Diastereotopic Protons in 1H NMR Spectroscopy: Examples
Last updated: October 31st, 2022 |
Below, we have 1,1-dimethylethylene. Note the plane of symmetry. The two olefinic protons (Ha, Hb) have identical chemical shifts due to their equivalence from the mirror plane present in the molecule.
If we tweak one of the methyl groups to replace it’s protons with different atoms or another functional group (e.g. CD3), the molecule loses its symmetry. The olefinic protons are no longer identical and now produce different chemical shifts.
Within this new asymmetrical compound, the two olefinic protons are now what we call diastereotopic. To test and confirm that these protons are in fact diastereotopic, we can replace one of each of the protons with another atom (e.g. D). Replacing Ha with D leads to the Z-alkene, while replacing Hb with D leads to the E-alkene. In comparing these two new compounds, we can see their relationship between each other is that they are diastereomers. They are stereoisomers, but not mirror images of each other.
Diastereotopic protons will produce different chemical shifts in a 1H NMR spectrum due to the difference in their chemical environments.
This type of proton can also be seen in cyclic compounds. For example, we know that cyclopropane produces only one singlet in a 1H NMR spectrum, as its protons are equivalent, but how would the addition of a substituent affect its remaining protons? Methylcyclopropane produces 4 separate signals. This is because the addition of the methyl group changes the chemical environment of the remaining protons present in the molecule.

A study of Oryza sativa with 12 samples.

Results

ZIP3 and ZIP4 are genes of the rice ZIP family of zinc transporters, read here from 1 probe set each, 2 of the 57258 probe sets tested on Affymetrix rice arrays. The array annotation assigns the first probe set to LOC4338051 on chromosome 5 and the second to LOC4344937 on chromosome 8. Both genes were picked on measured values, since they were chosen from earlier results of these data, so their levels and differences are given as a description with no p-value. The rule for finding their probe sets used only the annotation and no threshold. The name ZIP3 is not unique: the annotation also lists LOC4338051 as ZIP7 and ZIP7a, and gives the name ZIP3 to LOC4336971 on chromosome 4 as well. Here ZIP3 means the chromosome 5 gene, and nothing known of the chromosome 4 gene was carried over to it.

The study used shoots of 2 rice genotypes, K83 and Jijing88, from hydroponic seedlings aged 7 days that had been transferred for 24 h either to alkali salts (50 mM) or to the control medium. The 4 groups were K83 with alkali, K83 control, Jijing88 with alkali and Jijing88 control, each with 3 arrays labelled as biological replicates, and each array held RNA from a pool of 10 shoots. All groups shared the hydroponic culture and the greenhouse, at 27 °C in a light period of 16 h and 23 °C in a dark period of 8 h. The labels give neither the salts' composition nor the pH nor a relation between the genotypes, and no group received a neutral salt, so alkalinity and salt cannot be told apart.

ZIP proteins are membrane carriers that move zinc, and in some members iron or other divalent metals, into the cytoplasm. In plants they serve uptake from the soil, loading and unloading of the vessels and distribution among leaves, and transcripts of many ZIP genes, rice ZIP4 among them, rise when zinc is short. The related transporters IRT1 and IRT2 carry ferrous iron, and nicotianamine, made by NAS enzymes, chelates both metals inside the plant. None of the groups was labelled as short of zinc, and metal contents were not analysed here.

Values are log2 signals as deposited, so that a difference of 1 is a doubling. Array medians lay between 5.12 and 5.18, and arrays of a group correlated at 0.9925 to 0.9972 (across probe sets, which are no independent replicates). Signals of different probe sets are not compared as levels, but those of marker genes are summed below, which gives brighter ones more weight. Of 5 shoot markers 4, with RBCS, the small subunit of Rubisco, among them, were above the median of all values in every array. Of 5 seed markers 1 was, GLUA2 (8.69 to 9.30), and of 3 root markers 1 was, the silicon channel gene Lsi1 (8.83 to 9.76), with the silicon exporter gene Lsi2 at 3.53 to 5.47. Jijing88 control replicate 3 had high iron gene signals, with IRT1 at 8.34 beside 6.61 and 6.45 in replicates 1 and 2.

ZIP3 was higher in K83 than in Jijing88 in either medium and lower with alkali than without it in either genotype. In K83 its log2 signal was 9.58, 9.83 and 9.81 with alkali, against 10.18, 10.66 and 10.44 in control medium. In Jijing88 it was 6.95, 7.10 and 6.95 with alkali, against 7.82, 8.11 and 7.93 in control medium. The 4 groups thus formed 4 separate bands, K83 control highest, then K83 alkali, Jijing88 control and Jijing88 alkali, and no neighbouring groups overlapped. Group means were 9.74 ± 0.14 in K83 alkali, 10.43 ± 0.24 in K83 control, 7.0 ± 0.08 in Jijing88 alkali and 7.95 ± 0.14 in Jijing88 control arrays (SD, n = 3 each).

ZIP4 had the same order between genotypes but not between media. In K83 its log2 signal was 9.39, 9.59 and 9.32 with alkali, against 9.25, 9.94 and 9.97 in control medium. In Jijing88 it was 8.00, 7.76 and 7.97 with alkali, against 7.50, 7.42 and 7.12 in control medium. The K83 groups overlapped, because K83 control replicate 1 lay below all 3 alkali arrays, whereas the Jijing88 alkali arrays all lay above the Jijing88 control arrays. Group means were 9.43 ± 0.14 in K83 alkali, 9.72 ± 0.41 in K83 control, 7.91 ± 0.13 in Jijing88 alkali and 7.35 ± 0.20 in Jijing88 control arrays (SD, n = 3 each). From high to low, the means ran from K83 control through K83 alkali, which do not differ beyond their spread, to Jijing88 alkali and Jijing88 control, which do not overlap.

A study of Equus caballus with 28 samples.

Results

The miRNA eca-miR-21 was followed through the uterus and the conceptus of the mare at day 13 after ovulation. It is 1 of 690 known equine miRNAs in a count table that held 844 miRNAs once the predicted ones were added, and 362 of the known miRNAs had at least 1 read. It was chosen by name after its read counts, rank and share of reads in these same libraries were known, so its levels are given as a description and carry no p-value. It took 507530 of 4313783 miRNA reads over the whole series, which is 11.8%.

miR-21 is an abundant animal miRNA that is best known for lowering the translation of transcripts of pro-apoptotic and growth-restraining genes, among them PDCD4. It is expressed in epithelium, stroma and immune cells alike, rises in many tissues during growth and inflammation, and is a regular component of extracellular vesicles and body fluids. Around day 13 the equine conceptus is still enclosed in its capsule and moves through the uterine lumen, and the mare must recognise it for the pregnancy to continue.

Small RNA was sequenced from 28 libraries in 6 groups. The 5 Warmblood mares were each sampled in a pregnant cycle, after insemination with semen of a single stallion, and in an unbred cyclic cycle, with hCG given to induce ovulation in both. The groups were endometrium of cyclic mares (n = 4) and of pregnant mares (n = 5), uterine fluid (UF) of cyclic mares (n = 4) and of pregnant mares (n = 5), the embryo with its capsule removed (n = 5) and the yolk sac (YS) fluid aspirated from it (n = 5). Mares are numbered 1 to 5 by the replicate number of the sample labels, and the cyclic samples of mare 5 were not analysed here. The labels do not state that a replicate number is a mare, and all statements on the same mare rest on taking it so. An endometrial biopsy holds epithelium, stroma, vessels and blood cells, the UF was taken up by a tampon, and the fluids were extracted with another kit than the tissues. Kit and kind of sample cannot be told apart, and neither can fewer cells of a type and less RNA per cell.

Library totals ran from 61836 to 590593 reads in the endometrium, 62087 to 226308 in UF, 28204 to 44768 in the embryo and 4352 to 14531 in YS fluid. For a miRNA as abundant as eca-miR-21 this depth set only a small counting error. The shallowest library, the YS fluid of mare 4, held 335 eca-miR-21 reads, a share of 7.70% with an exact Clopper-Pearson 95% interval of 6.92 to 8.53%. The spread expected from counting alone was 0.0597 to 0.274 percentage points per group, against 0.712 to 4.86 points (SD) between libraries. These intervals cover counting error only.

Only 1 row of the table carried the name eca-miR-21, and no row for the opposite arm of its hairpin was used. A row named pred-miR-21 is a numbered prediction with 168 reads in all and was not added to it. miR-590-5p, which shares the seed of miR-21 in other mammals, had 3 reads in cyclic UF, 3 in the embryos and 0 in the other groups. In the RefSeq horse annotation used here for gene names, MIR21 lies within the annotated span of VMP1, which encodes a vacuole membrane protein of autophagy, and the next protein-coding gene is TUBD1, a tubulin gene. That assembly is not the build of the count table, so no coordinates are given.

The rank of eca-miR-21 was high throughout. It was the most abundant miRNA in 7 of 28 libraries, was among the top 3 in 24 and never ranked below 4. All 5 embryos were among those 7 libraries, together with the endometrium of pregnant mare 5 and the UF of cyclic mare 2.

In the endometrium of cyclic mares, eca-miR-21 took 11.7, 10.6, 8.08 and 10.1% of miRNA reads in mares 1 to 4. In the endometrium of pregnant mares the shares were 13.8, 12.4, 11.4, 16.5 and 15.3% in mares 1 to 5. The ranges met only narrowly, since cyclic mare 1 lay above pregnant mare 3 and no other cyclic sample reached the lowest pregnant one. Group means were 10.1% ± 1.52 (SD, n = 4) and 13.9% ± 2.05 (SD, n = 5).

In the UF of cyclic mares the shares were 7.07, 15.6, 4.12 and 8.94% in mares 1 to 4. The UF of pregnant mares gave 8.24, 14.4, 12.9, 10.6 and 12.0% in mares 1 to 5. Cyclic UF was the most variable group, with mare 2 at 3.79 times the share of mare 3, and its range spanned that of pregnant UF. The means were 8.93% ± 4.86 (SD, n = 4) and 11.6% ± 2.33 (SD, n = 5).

This can be seen just the same in larger cyclic molecules. Each methylene group of the cyclic compounds in the presence of a methyl group will become a diasteretopic pair with different chemical shifts.
So far, we’ve covered diastereotopic protons found in achiral molecules, but the same type of protons can be found in molecules containing a chiral center, too. Let’s take a look at the example below. 2-butanone produces 3 signals in a 1H spectrum, while 2-butanol produces 6 (including the OH proton). What causes the extra chemical shifts?
The extra chemical shifts come from the methylene protons adjacent to the chiral center of the alcohol. As we can see above, just like the alkene example, we can swap out protons with different atoms to confirm the protons’ diastereotopic relationships. Replacing Ha with D leads to the (R,R) compound, while replacing Hb with D leads to the (R,S) compound. The two new compounds are diastereomers, confirming the CH2 protons adjacent to the chiral center are diastereotopic, These protons produce two distinct chemical shifts.
This post was contributed by Nick Tiedemann. Thanks Nick!